Somalia’s Al-Shabab storm military base in country’s south, kill 27 soldiers

People look at damaged shops after two car bombs were detonated and three Shabab gunmen were shot dead after exchanging fire with security forces outside the presidential palace in Mogadishu, on July 14, 2018. (File Photo: AFP/Mohamed Abdiwahab)
Updated 23 July 2018

  • The base is some 50 km (31 miles) away from the port city of Kismayu
  • Al Shabab attacked the same base in June, wounding seven soldiers

MOGADISHU: Somalia’s Al-Shabab group said on Monday its fighters had attacked a military base in the south of the country, killing 27 soldiers.
“We first attacked the base with a suicide car bomb and then stormed. We killed 27 soldiers and took the base. Some soldiers fled into the jungles,” Abdiasis Abu Musab, Al-Shabab’s military operation spokesman said.
The base is some 50 km (31 miles) away from the port city of Kismayu. There was no immediate comment from government official on the attack.
Al Shabab fights to topple Somalia’s central government and impose its a rule based on its own strict interpretation of Islam’s Sharia law.
Al Shabab attacked the same base in June, wounding seven soldiers.


Australia warns citizens ahead of expected Jerusalem move

Updated 19 min 38 sec ago

  • Morrison is expected to stop short of actually shifting Australia’s diplomatic corps to the Holy City, amid warnings from his own officials about the cost and security implications
  • But the move still risks heightening unrest, both in Australia’s immediate neighbor Indonesia — the world’s most populous Muslim nation — and further afield

SYDNEY: Australia on Friday warned citizens to take care while traveling in neighboring Muslim-majority Indonesia, ahead of an expected but contentious move to recognize Jerusalem as Israel’s capital.
Prime Minister Scott Morrison is expected to announce — as soon as Saturday — that his government will follow US President Donald Trump’s lead and recognize the contested city as Israel’s capital.
Scores of Australians preparing to jet off to Bali and other tropical island destinations for upcoming summer holidays should “exercise a high degree of caution,” the Department of Foreign Affairs warned.
Officials in Canberra told AFP they expected the announcement to come on Saturday, the Jewish Sabbath, but cautioned that events could yet alter those plans.
Both Israel and the Palestinians claim Jerusalem as their capital. Critics say declaring Jerusalem the capital of either inflames tensions and prejudges the outcome of final status peace talks.
Trump’s decision to move the US embassy from Tel Aviv last May prompted tens of thousands of Palestinians to approach the heavily-protected Israeli border. At least 62 Palestinians were killed by Israeli fire that day.
Morrison is expected to stop short of actually shifting Australia’s diplomatic corps to the Holy City, amid warnings from his own officials about the cost and security implications.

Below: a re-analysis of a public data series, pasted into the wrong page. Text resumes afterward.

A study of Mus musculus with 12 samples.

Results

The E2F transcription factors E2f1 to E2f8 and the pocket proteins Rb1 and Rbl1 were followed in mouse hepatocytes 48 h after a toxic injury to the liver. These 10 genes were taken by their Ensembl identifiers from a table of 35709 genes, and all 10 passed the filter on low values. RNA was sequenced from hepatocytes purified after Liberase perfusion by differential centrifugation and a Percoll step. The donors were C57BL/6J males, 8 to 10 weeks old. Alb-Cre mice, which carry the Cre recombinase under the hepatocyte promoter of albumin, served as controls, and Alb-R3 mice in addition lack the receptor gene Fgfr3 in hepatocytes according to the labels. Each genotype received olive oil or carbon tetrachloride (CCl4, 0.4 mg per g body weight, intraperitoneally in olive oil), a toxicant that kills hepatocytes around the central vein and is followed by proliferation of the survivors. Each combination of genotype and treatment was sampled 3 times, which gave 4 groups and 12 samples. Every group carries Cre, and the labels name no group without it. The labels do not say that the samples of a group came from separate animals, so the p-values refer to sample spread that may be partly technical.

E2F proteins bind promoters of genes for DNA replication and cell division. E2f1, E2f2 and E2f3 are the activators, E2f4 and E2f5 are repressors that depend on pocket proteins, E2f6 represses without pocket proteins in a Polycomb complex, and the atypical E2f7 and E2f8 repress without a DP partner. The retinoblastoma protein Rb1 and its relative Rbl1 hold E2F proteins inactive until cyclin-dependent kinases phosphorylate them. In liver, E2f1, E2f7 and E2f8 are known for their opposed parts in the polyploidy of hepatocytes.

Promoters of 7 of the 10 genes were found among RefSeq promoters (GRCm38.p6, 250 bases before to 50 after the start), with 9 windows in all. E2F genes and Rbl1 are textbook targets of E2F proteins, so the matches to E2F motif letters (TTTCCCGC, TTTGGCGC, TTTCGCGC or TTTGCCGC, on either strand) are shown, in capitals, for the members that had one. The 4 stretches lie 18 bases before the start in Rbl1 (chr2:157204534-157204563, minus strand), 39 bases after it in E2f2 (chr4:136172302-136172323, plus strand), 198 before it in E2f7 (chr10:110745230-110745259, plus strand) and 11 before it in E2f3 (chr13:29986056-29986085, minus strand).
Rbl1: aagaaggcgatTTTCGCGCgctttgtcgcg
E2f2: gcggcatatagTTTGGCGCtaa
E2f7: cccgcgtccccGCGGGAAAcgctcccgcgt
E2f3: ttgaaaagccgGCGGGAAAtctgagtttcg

But recognizing Jerusalem would help the embattled Australian PM — who faces the prospect of an election drubbing next year — with Jewish and conservative Christian voters and win him friends in the White House.
His supporters argue Israel has the right to choose its own capital and peace talks are dead in the water, so there is no peace to prejudge.
But the move still risks heightening unrest, both in Australia’s immediate neighbor Indonesia — the world’s most populous Muslim nation — and further afield.
The Palestinian government would press for Arab and Muslim states to “withdraw their Ambassadors” and take some “meat and wheat” style “economic boycott measures” if the move went ahead, Palestinian ambassador to Australia Izzat Abdulhadi told AFP.
Indonesia’s government, facing domestic pressure at home, had reacted angrily earlier this year, when Morrison floated the idea of both recognizing Jerusalem and moving the Australian embassy there.
The issue has put the conclusion of a bilateral trade agreement on hold.
In the meantime, Australia’s foreign ministry has moved to prepare the ground.
“Demonstrations have been held in recent weeks around the Australian Embassy in Jakarta and the Australian Consulate-General in Surabaya,” it warned in a public notice Friday.
“Protests may continue at the Embassy in Jakarta or at any of Australia’s Consulates-General in Surabaya, Bali and Makassar,” the Department of Foreign Affairs said.”Exercise a high degree of caution.”
Tensions are currently running high between Israel and the Palestinians.
At least 235 Palestinians and two Israelis have died during violence in Gaza since March, mostly in border clashes.
On Thursday the Israeli army launched raids into the Palestinian city of Ramallah after a Palestinian shot dead two Israeli soldiers at a bus stop in the occupied West Bank.
Netanyahu vowed to ‘legalize’ thousands of settlements homes considered unlawfully-built even by Israel.
In total six people were killed in the most violent 24 hours to hit the West Bank and Jerusalem in months.